Amplitude demodulation is a widely used tool of signal processing. It involves decomposing a signal, y(t), into a product of a slowly varying positive modulator, m(t), and a quickly varying carrier, c(t). That is, y(t) = m(t)c(t). The representation is useful because the modulator represents the local energy in the signal, whilst the carrier represents the fine-structure. Often the local energy and fine-structure contain very different information, for instance the identity of a particular speaker versus the content of what they are saying. Applications of demodulation include hearing aids, cochlear implants for the deaf, speech recognition, and information retrieval. Unfortunately, standard deterministic algorithms for performing amplitude demodulation are flawed in various ways. We have therefore developed an alternative approach, based on probabilistic methods used in machine learning, which resolves a number of these problems, but these benefits come with a larger computational cost.
This page collects together publications and code for performing probabilistic amplitude demodulation.
Code
Matlab code for Gaussian Processes Probabilistic Amplitude Demodulation (GPPAD). Copyright Richard E. Turner, University of Cambridge, 2010. In order to use the code, please uncompress the zip file and view the README.txt file for instructions. There are a number of demos which run a number of different versions of PAD on a test signal. For further information, see the publications below.
Selected Publications
Demodulation as Probabilistic Inference, 2011. This paper is probably the best place to start for an introduction to the demodulation problem, a description of the problems encountered by previous approaches, and a fairly high level introduction to PAD with lots of examples.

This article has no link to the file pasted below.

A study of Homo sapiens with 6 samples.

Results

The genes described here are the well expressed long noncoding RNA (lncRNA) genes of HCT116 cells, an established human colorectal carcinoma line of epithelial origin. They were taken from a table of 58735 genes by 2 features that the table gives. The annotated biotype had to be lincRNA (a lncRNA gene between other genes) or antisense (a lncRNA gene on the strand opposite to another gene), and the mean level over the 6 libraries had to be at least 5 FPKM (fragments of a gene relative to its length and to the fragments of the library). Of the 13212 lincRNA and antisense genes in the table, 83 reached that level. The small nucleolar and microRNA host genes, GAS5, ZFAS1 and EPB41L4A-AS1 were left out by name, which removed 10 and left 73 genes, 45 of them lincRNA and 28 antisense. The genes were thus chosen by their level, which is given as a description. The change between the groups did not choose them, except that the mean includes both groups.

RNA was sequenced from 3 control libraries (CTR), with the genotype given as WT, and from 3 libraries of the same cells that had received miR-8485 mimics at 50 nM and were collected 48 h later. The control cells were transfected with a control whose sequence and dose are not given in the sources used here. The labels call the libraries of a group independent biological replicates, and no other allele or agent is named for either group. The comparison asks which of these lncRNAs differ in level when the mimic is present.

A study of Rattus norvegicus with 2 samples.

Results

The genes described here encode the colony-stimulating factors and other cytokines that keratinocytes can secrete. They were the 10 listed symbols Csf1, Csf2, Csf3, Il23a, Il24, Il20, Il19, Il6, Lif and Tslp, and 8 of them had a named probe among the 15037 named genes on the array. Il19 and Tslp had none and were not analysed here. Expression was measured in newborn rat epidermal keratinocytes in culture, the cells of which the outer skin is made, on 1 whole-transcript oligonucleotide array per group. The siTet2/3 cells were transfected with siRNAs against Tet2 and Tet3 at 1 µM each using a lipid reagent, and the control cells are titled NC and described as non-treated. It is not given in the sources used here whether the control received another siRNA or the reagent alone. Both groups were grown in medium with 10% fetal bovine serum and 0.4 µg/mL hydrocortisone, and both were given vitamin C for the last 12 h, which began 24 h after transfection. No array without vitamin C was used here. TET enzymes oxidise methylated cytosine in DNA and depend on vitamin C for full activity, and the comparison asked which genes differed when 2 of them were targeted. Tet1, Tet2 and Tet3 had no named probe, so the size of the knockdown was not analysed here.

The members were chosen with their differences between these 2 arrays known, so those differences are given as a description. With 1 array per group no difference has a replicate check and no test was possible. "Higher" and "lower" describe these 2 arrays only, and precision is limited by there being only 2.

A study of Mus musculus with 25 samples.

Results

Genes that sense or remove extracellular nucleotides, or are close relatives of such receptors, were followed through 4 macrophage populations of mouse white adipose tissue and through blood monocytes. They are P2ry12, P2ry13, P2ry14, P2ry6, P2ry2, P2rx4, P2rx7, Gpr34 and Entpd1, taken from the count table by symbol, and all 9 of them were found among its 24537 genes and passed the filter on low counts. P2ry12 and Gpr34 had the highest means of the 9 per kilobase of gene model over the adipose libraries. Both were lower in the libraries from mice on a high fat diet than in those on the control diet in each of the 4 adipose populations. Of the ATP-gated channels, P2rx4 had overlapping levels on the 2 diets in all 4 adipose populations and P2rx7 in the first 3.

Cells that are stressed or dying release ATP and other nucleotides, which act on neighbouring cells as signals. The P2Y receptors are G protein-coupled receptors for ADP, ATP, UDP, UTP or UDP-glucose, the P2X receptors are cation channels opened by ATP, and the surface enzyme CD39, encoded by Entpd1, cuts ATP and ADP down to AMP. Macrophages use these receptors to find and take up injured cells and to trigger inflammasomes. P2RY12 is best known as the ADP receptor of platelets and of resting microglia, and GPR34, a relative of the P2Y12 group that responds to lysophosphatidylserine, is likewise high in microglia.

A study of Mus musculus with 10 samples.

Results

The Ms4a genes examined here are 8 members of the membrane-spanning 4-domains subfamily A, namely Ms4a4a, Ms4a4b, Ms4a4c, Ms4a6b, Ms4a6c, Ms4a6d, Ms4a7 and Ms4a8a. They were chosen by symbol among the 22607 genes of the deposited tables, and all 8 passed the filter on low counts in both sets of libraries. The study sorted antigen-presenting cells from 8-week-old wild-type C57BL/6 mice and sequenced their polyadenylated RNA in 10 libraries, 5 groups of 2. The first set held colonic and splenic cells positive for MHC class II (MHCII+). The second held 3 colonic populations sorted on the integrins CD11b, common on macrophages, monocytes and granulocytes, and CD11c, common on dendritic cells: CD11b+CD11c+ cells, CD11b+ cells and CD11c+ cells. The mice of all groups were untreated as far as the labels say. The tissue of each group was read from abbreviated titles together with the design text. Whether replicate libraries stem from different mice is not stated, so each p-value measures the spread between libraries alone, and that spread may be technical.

Statistical Models for Natural Sounds, 2009. My PhD? Thesis. Chapter 3 of my thesis contains a lot more technical detail describing what goes on under the hood of PAD. Subsequent chapters describe extensions of the basic framework e.g. to subband demodulation or to cascades of modulators.
Probabilistic Amplitude Demodulation, 2007. This paper in the Proceedings of the International Conference on Independent Component Analysis was where we first introduced probabilistic amplitude demodulation. Here are the slides of the talk given at the conference. The paper and talk describe a simple PAD algorithm before extending the framework to cascades of modulators. See Chapter 4 of my thesis for more detail.
Greg Sell and Malcolm Slaney have developed a related convex optimisation approach to demodulation. For papers and code see their web page. For a formal proof that convex demodulation is a version of PAD see Demodulation as Probabilistic Inference, 2011.